Impact case study

Improving the governance of the Greek Prime Minister's Office


The research of Featherstone and Papadimitriou helped to formulate a new debate about governance in Greece and it had a direct influence on the Prime Minister's thinking.

Professor Kevin Featherstone

Research by

Professor Kevin Featherstone

European Institute


What was the problem?

Successive Greek governments had struggled to steer and implement their major policy reforms. The Eurozone crisis further exposed the limited capacity of the Greek government to implement structural reforms.

The constraints on government came from different sources, but the state administration itself had been weak for decades. A large, ill-coordinated state apparatus had developed, which laboured under suffocating legal procedures, lack of skills and expertise, and a politicisation of the appointments process.

What did we do?

Kevin Featherstone, LSE Professor of Contemporary Greek Studies, and Dimitris Papdimitriou, Professor of European Politics at the University of Manchester (and formerly of the LSE's Hellenic Observatory), highlighted the Greek 'paradox of governance' in their book The Limits of Europeanization: Reform Capacity and Policy Conflict in Greece (2008) and in later writings.

The crux of this paradox was that although many identified the Greek Prime Minister (PM) with strong formal powers, in reality the PM was handicapped by limited resources and a complex bureaucracy that was not fit for purpose. The PM was ‘an emperor without clothes’: the reality contradicted the legal fiction.

Featherstone and Papadimitriou went on to examine all Greek administrations since 1974 and concluded that the very structure of Greek government limited its ability to reform. Fieldwork for the additional research (2008-2010) involved numerous personal interviews with key players, including each surviving Greek prime minister as well as many former ministers and senior advisors.

Featherstone and Papadimitriou presented the research at a conference at Yale University in May 2009, expanding on the key findings, which included:

  • the limited personnel and skills resources available to the Greek Prime Minister
  • the limited operational power of the Greek government
  • the ineffectiveness of Greek administrative structures and the lack of continuity of specialist personnel (which led inexorably to)
  • inadequate policy monitoring and undermining of the achievement of government objectives
  • the contrasts between the Greek case and that of governments in other European countries.

What happened?

The Limits of Europeanisation was published in both English and Greek and was reviewed across Greek media. Featherstone wrote articles in leading Greek newspapers, as well as giving interviews, presentations and public lectures, including one at the Residence of the British Ambassador in Athens. This established a high profile for the research. Featherstone advocated a set of reforms to strengthen the PM’s office.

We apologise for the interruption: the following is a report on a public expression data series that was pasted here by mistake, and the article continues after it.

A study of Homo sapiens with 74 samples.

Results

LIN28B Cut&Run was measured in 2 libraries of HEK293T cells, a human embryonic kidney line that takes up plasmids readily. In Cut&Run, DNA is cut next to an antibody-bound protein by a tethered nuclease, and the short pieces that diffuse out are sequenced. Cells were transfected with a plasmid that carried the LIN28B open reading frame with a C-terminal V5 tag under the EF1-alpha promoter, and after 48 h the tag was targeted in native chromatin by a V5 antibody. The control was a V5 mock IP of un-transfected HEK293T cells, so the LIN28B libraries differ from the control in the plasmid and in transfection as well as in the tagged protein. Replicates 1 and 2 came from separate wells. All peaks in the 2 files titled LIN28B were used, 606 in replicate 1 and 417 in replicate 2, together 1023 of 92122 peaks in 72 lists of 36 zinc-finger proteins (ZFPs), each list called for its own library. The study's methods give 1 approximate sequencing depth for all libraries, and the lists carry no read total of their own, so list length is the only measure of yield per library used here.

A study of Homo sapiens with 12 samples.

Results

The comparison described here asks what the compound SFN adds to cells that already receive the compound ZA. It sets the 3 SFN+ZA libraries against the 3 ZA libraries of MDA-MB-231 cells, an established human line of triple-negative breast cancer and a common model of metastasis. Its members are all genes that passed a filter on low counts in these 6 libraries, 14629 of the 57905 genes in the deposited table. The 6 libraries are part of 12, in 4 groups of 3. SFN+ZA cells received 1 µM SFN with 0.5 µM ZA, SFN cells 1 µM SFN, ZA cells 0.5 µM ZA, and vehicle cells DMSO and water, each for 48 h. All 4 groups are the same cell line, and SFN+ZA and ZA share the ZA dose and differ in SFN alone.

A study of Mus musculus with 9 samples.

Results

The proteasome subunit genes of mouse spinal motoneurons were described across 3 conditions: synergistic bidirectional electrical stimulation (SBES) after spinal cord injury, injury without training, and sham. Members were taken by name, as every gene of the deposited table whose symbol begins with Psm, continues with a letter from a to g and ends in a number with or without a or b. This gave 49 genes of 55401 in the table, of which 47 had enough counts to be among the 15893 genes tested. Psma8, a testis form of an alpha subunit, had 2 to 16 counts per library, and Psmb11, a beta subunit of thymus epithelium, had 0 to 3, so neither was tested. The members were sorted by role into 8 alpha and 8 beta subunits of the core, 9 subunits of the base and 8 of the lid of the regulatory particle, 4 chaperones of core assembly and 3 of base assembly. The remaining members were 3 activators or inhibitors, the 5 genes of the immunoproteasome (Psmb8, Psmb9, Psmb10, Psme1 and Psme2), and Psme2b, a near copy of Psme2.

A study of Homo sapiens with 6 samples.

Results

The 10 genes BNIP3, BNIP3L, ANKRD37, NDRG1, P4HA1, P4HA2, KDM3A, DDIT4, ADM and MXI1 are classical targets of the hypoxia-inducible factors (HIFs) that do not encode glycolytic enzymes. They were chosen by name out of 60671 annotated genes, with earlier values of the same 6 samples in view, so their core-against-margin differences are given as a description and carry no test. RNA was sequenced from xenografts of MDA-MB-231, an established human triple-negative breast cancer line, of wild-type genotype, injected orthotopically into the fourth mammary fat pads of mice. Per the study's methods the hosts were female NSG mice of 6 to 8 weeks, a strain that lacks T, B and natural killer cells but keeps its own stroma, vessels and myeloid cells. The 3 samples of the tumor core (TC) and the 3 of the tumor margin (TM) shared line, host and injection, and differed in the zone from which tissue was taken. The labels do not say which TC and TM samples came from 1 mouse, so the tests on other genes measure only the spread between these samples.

After winning the 2009 election, the new Prime Minister, George Papandreou, invited Featherstone to join an informal group of advisors to review the organisation of his office and its relations with the rest of government. In 2010, Papandreou appointed Featherstone to join a new five-member committee charged with bringing forward proposals for reform. The invitation was itself predicated on one of Featherstone's key ideas – that control and coordination of government should be strengthened from the centre. The Committee brought out its recommendations in 2010 with Featherstone as its rapporteur and responsible for editing the final report, which was later presented to Parliament.

The research of Featherstone and Papadimitriou helped to formulate a new debate about governance in Greece and it had a direct influence on the Prime Minister's thinking in the following areas:

  • the sharp contrast between the public impression of powerful government and the actual constraints at its core since 1974
  •  the contrast between resources available to the Greek government and those available to similar-sized European states
  • the need to strengthen control and coordination within government, including policy evaluation
  • the type of organisational structure and functions needed to address the institutional weakness at the centre of government in Athens.

In a televised Cabinet meeting in 2010, PM Papandreou quoted Featherstone's articles in support of his organisational reforms. Featherstone was the only member of the committee to be cited by name.

The government announced its intention to bring forward reforms in line with the Committee's recommendations and, in January 2011, Parliament voted on the creation of a General Secretariat to the Prime Minister which would have powers to control and monitor internal government processes.

Following the deepening economic crisis, the Papandreou Government was unable to fully complete the Committee's suggested reforms, but they were still regarded as crucial to the ability of the Greek government to meet the conditions of its 'bail-out' loans, as evidenced by the following:

  • An Organisation for Economic Co-operation and Development report on Greece criticised the lack of central coordination of the reform agenda and cited Featherstone and Papdimitriou's research.
  • The Greece-IMF  'Letter of Intent' – setting the terms of Greece’s ‘bail-out’ loans - required organisational reform at the heart of government.
  • Featherstone was invited by the Head of the European Commission’s Taskforce for Greece to attend a private one-on-one briefing session.

In January 2013, a new law was adopted which provided for the creation of a 'General Secretariat for the Coordination of the Government', headed by a Secretary General appointed for a five-year term and supported by a permanent staff.